I’m back in Cape Town, South Africa – a city I had never been to eight years ago and now know better than any city other than my hometown of Minneapolis.
On this trip, as I have for so many years, I’m staying in Sea Point, the neighborhood just outside of the central business district of Cape Town. As the name suggests, Sea Point stretches along the coast of the Atlantic Ocean, and the lodge where I stay is a few short blocks uphill from the ocean.
Every day I drive past the hotel that a small group of us from Open Arms first stayed at in 2000. The Victoria Junction was a fairly new hotel eight years ago and between a strong U.S. dollar and a weak South African rand, we paid less than $80 a night for a room. Yesterday, an electronic sign on the front of the hotel said that same room was now about $250 a night. This is but one change I’ve noticed in eight years of traveling here.
The Victoria Junction always triggers memories for me because the lobby of the hotel is the place where I first met Spiwo Xapile, the Presbyterian minister who would become Open Arms’ partner in our work in the township of Guguletu.
The travel agent who was coordinating that first trip to South Africa for us to attend an AIDS conference in Durban connected me with Spiwo. I sent an e-mail to him introducing myself and the work of Open Arms and told him we were interested in learning more about HIV/AIDS in South Africa. Spiwo responded to my e-mail with an invitation for our small delegation from Open Arms to spend a week with him, seeing first hand the challenges and opportunities in the townships.
There were five of us from Open Arms coming to South Africa on that first trip. I asked Spiwo if there was anything we could bring with us that would be helpful for his program. We had already collected condoms and medical supplies, but I was wondering if there was something else that would be particularly useful for him. Spiwo’s answer surprised me. He asked us to please bring children’s soccer shoes. Soccer shoes. Now, I didn’t know much about South Africa then, but I knew it was a country with an escalating AIDS crisis and soccer shoes seemed like a luxury when every pair of cleats meant less condoms, aspirins, and vitamins being packed in our suitcases. Never having touched foot on African soil, I came very close to discounting Spiwo’s request and bringing what I thought, from my Minnesotan worldview, would be best for the people in the townships of Guguletu.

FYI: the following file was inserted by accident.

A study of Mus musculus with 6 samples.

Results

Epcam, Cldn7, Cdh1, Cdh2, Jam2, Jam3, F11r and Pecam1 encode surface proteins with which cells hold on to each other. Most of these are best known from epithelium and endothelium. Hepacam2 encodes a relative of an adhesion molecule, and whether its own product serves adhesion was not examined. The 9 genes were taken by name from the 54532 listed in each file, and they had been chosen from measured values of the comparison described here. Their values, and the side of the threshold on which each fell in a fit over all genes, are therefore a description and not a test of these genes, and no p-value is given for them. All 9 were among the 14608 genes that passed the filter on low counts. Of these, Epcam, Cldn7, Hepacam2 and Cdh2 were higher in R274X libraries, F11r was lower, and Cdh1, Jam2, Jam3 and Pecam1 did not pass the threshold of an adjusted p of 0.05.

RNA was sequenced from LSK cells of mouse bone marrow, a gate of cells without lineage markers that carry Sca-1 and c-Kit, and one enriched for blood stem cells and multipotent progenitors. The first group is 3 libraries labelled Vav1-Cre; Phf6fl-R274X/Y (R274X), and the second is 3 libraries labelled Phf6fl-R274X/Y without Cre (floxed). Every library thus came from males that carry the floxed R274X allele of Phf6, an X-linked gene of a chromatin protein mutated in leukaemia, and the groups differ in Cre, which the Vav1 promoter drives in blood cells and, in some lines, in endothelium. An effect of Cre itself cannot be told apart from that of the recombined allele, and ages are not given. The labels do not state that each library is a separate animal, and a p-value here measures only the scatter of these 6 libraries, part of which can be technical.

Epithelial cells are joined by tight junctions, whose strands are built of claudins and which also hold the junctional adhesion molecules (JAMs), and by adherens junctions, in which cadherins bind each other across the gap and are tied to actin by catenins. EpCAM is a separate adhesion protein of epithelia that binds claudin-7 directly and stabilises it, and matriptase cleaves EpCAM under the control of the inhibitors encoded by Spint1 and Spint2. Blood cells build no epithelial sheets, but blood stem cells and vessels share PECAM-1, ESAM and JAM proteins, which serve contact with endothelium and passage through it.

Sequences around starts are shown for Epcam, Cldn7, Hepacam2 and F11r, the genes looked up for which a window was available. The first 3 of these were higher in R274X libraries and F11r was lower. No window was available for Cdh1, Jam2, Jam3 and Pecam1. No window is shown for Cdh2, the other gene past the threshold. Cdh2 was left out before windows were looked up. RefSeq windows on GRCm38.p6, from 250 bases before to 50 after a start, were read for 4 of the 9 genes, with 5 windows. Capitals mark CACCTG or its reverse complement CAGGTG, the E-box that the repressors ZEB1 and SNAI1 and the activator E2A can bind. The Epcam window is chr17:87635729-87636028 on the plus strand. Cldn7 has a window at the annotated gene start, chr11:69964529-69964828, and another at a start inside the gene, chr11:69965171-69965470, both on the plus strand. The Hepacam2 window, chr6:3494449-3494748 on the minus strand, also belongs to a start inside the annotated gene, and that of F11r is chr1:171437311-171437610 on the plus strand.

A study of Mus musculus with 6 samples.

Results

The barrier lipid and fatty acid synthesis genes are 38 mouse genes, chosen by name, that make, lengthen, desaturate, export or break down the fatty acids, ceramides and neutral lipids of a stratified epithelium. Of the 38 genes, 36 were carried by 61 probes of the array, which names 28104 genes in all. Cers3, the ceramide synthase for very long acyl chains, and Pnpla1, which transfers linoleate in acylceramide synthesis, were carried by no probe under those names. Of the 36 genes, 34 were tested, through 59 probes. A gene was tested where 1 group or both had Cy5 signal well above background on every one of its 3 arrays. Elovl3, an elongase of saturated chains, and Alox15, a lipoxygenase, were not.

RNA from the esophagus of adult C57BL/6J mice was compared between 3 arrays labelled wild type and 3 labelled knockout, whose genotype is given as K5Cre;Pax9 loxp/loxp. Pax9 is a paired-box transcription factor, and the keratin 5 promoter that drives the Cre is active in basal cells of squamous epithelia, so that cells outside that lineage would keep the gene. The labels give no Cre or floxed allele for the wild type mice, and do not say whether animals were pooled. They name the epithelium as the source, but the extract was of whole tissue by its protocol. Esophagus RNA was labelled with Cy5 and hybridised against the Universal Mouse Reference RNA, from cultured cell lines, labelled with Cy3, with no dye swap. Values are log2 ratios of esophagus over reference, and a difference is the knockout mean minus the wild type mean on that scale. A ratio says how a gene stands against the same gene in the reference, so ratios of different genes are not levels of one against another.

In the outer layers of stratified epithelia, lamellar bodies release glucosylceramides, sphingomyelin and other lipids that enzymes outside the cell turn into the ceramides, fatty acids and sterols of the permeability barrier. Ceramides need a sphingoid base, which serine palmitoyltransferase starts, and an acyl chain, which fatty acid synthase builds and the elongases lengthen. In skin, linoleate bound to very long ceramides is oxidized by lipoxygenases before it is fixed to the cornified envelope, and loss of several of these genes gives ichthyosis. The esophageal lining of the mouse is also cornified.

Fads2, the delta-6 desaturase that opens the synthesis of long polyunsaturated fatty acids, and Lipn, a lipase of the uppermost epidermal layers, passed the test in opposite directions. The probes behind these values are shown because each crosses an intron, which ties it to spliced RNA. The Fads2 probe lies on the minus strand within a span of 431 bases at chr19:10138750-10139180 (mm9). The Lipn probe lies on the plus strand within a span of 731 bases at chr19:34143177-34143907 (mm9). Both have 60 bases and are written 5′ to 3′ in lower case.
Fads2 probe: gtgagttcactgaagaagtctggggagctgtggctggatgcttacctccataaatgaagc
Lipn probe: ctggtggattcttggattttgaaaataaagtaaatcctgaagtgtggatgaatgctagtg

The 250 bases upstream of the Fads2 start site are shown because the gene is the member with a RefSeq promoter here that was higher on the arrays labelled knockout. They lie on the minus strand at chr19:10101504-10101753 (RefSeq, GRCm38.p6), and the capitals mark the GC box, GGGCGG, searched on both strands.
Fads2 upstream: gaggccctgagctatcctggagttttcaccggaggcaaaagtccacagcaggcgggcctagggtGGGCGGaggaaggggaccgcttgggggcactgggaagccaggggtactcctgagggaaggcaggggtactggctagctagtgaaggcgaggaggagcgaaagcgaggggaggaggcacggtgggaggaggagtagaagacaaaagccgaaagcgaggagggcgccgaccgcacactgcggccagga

Although I wasn’t excited about collecting soccer shoes, we did it. A sporting goods store donated 30 news pairs, and volunteers brought in used pairs that their children had quickly outgrown. We left the Twin Cities with 75 pairs of soccer boots stuffed with packages of condoms, bottles of aspirin, and sealed band-aids and packed in our suitcases.
When Spiwo met us in the lobby of the Victoria Junction he immediately asked us if we had brought the soccer shoes. This turned out to be the first thing we did right in our now eight year relationship with Spiwo and the Zwane Community Centre. Although the request didn’t really make sense to me at the time, we honored it, and this established a level of trust between the Zwane Centre and Open Arms and between Spiwo and me right from the beginning.
The next day our group met Ace, a former professional soccer player who was now coaching kids and the soccer shoes were distributed to members of a soccer team affiliated with Zwane Centre. Ace explained how these soccer shoes were one of the most effective tools he had to educate the young players about HIV/AIDS. He said the Zwane Centre could announce an AIDS education session for young people and maybe a few kids would show up for it. Or, they could announce the formation of a soccer league and scores of children would turn out. Then they could start practicing and holding games and at some point during every practice, Ace could talk to the kids about AIDS and other life skills.
I thought, from my limited worldview in 2000, that the most effective AIDS prevention program would be a presentation on the ABCs of AIDS – A, Abstain; B, Be Faithful; and C, Use Condoms – and then making sure there was a supply of condoms available. And this is an effective model of AIDS education and prevention. But so is giving kids a pair of soccer boots and creating a place that’s safe to talk about issues like AIDS. Although we no longer bring soccer shoes and condoms with us to South Africa, I can’t help but think, every time I drive by the Victoria Junction Hotel in Cape Town, that ultimately those soccer shoes might have prevented more transmission of HIV than the condoms we first brought with us.